The passage of the Online Safety Bill in the British government has concluded, marking a significant moment in the country’s legislative history. Originally conceived as a strategy paper on internet safety, the focus of the bill has shifted to the more contentious debates it generated. The aim of the law is to address harmful online behaviors such as child sexual abuse, terrorist content, revenge pornography, and fraud, which were already targeted in the analog world but required legislation for technology companies to assist in combating them online.

In recent months, there has been opposition from companies offering end-to-end encrypted messaging platforms. They argued that a provision in the bill would compromise user privacy and expose their messages to interception, even threatening to withdraw their services from the country. There were reports indicating a reduction in the scope of the provision, but these reports faced criticism. With the completion of the bill’s progress through the House of Lords, it is worth examining what the Online Safety Act actually entails.

Contrary to concerns, the act does not ban end-to-end encryption. It includes a provision that allows messaging platforms to use accredited technology to identify specific types of content, namely terrorism content and child sexual abuse material, if directed to do so by the communications regulator, Ofcom. However, Ofcom must consider it necessary and proportionate, and the technology used must be accredited. Presently, there is no accredited technology available, and the process of accreditation by Ofcom is yet to be defined. These conditions pose significant challenges for the regulatory framework in terms of justifying the implementation of technology, such as client-side scanning, before content is transmitted.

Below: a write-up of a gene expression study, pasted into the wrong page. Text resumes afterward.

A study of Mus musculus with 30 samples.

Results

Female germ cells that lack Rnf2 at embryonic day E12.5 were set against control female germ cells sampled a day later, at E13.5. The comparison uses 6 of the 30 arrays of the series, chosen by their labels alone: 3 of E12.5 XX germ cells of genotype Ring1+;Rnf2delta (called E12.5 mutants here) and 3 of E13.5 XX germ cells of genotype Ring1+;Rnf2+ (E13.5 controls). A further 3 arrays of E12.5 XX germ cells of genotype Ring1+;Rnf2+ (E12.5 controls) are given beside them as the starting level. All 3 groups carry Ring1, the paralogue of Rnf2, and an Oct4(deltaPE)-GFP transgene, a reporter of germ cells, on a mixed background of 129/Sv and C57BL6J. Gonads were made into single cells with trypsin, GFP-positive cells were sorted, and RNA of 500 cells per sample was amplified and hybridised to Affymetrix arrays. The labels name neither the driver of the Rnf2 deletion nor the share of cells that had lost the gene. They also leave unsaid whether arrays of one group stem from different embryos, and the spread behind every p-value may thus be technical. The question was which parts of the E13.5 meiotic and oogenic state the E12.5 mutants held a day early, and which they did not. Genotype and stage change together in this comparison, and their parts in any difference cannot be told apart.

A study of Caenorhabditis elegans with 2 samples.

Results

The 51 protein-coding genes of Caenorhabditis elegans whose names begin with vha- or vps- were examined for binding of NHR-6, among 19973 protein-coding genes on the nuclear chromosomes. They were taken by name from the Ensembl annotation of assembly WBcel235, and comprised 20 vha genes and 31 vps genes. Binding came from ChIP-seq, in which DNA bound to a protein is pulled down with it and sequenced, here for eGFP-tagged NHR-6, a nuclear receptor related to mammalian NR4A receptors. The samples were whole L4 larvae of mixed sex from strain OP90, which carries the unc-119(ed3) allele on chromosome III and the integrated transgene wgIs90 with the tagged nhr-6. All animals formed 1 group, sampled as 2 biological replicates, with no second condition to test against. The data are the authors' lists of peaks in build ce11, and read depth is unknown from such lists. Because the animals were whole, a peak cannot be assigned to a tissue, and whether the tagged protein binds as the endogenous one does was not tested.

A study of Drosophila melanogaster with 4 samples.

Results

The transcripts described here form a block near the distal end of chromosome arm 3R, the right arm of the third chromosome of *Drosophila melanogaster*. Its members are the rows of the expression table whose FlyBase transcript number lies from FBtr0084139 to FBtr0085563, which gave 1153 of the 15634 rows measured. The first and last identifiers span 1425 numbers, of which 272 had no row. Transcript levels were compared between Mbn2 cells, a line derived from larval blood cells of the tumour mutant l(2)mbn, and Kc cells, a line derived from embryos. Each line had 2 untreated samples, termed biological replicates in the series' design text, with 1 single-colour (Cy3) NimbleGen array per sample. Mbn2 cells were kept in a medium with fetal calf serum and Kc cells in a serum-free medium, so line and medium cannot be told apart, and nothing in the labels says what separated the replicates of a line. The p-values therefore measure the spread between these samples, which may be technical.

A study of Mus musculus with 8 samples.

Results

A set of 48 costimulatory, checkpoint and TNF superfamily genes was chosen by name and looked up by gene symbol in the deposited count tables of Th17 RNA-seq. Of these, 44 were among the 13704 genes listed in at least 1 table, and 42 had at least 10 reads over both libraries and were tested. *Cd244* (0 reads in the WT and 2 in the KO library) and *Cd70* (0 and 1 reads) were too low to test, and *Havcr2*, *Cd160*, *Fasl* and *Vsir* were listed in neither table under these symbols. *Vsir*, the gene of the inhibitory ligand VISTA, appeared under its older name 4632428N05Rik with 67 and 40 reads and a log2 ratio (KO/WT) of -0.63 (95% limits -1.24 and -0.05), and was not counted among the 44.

In 2022, researchers from GCHQ proposed measures to ensure the security of a CSS-style content check system, although this proposal did not reflect government policy. It is unclear whether the British government will endorse the GCHQ paper or if messaging companies will agree with its findings. A similar power already exists under the UK’s Investigatory Powers Act, known as a Technical Capability Notice, which places similar limitations on serving notices to technology companies. However, significant obstacles, including gaining support from the US Congress, need to be overcome since most of these companies operate within the US jurisdiction.

Apart from encryption, the Online Safety Bill also covers various aspects of online activities. The 225-page law introduces safety and security requirements for platforms, including measures to prevent children from accessing inappropriate content and the obligation for platforms to verify users’ ages. Platforms are also mandated to protect content of democratic and journalistic importance and report instances of fraudulent advertising and child sexual abuse material to the National Crime Agency. Failure to comply with these requirements can result in fines of up to £18 million ($22.3 million) or 10% of a company’s global turnover.